Songs to inspire, full of beauty and fire – the answer's Ireland.
Know when you sing of Jack Donahue, that he was a Dublin man
And Dennis O'Reilly is travelling still with a blackthorn in his hand.
Who raised a ruckus at Castle Hill, who there defied the crown?
'Twas the same rebel boys who in '98 'gainst odds would not lie down.
Oh, but they made Samuel Marsden fret and ruffled silver tails,
Why, the words "Croppy Pike" were enough to strike fear into New South Wales.
Who agitated at Ballarat for Joe Latrobe's death knell?
Who was it raised up the five-starred flag and damned the traps to hell?
Who was it gathered beneath that flag, where solemn oaths were sworn?
Who would not run from the redcoats' guns, upon Eureka morn?
Ned Kelly's dad was an Irish lad, the Kellys all died game.
Brave Michael Dwyer's bones are buried here, we'll not forget that name.
Who could resist Larry Foley's fist, and Foley wore the green.
Who led the anti-conscription ranks in 1917?
Today's song is in honour of St Patrick's Day.
NOTES FROM MUDCAT(contributed by "Simon"):
John Dengate is well-known in local Irish and folk music circles for his witty (often satirical) songs and poems, having had a lengthy history in those areas.
For those who don't know, John ('Bold Jack') Donohue (1806 – 1830) was a bushranger in the Sydney region until he was shot by police. (One version of The Wild Colonial Boy uses his name.) Dennis O'Reilly is the subject of an eponymous song by and about early Irish settlers in Australia.The second verse refers to the involvement in the convict uprising of 1804 of Irish transportees who had earlier taken part in the 1798 Rising in Ireland. The latter were called 'Croppies' by their enemies
and both groups often had only pikes for weapons – just long blades attached to poles.
The Rev. Samuel Marsden was a wealthy landowner and magistrate at Parramatta when our Battle of Vinegar Hill took place, known and feared as 'the Flogging Parson'.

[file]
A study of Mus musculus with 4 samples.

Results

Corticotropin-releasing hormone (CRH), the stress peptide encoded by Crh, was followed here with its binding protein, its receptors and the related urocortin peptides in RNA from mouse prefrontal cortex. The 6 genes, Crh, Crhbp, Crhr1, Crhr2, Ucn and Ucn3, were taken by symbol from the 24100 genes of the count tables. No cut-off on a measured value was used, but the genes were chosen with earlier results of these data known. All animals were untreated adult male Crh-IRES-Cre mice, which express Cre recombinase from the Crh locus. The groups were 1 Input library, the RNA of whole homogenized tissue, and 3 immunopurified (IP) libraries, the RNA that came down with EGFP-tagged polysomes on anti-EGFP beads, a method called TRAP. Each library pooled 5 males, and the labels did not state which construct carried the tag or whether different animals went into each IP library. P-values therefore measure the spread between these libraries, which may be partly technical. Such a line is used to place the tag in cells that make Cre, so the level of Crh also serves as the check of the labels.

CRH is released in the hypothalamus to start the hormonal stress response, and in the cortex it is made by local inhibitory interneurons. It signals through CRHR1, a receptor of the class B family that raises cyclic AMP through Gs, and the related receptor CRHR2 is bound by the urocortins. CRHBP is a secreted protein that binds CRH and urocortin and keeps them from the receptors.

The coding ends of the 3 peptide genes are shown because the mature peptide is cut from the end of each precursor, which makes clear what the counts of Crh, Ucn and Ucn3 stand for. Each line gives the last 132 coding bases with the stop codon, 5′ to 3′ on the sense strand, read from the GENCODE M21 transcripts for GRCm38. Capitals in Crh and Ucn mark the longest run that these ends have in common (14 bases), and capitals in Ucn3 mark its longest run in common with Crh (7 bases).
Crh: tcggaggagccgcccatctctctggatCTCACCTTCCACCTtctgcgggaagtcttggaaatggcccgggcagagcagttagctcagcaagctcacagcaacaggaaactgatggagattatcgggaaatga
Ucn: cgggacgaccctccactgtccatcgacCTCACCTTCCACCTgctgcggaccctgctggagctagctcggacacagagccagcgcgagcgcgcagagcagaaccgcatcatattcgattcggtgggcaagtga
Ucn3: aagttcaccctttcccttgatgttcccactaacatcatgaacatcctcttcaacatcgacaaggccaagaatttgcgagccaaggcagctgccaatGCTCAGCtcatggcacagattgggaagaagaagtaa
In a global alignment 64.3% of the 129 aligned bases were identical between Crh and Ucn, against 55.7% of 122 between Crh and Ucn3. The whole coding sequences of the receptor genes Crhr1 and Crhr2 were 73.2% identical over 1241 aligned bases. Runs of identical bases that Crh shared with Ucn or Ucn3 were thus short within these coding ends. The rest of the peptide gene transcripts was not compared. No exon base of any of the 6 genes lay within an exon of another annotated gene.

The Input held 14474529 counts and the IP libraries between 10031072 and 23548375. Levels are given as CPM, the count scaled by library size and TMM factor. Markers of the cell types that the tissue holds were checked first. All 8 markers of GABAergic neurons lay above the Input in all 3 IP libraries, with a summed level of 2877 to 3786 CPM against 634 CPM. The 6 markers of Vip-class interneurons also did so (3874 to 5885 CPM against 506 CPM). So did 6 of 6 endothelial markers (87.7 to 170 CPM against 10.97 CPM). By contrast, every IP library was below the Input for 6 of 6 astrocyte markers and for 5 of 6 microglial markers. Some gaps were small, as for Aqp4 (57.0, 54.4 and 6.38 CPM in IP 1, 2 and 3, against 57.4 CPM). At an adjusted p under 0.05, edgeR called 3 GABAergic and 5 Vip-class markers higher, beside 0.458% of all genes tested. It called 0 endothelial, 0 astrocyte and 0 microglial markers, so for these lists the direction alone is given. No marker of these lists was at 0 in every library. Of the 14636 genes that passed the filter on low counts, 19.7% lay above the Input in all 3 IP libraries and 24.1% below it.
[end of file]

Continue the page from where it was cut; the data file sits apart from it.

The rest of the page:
Charles Joseph Latrobe was Governor of Victoria during the Eureka Stockade confrontation of 1854, of which no more should need to be said.
The reference to Michael Dwyer (1722? – 1825) is of interest, as he was a leader of the 1798 Rising whom the British were unable to capture until he surrendered on his own terms. He and his family were sent to Sydney in 1806 and were received 100 acres of uncleared land in the Liverpool region. Dwyer and his wife are buried under the Irish Monument at Waverly Cemetery, the building of which commenced in 1898 to commemorate the Rising.
Laurence Foley (1849 – 1917) was a professional boxer who never lost a fight and retired at the age of 32 with sufficient prize money to open a hotel and a boxing academy in Sydney. As far as we can determine, his only Green credentials came from being the leader of a Catholic 'larrikin' gang in Inner Sydney as a young man. In 1871, he fought his Protestant (Orange) counterpart, Sandy Owens, in a street for 71 rounds before the police intervened – Foley was considered the likely winner.
Lastly, attempts to introduce conscription during World War I were fiercely opposed by many groups, not least by those of Irish extraction whose priority it was to complete the work of the 1916 Easter Rising rather than to go to war 'for King and Country'.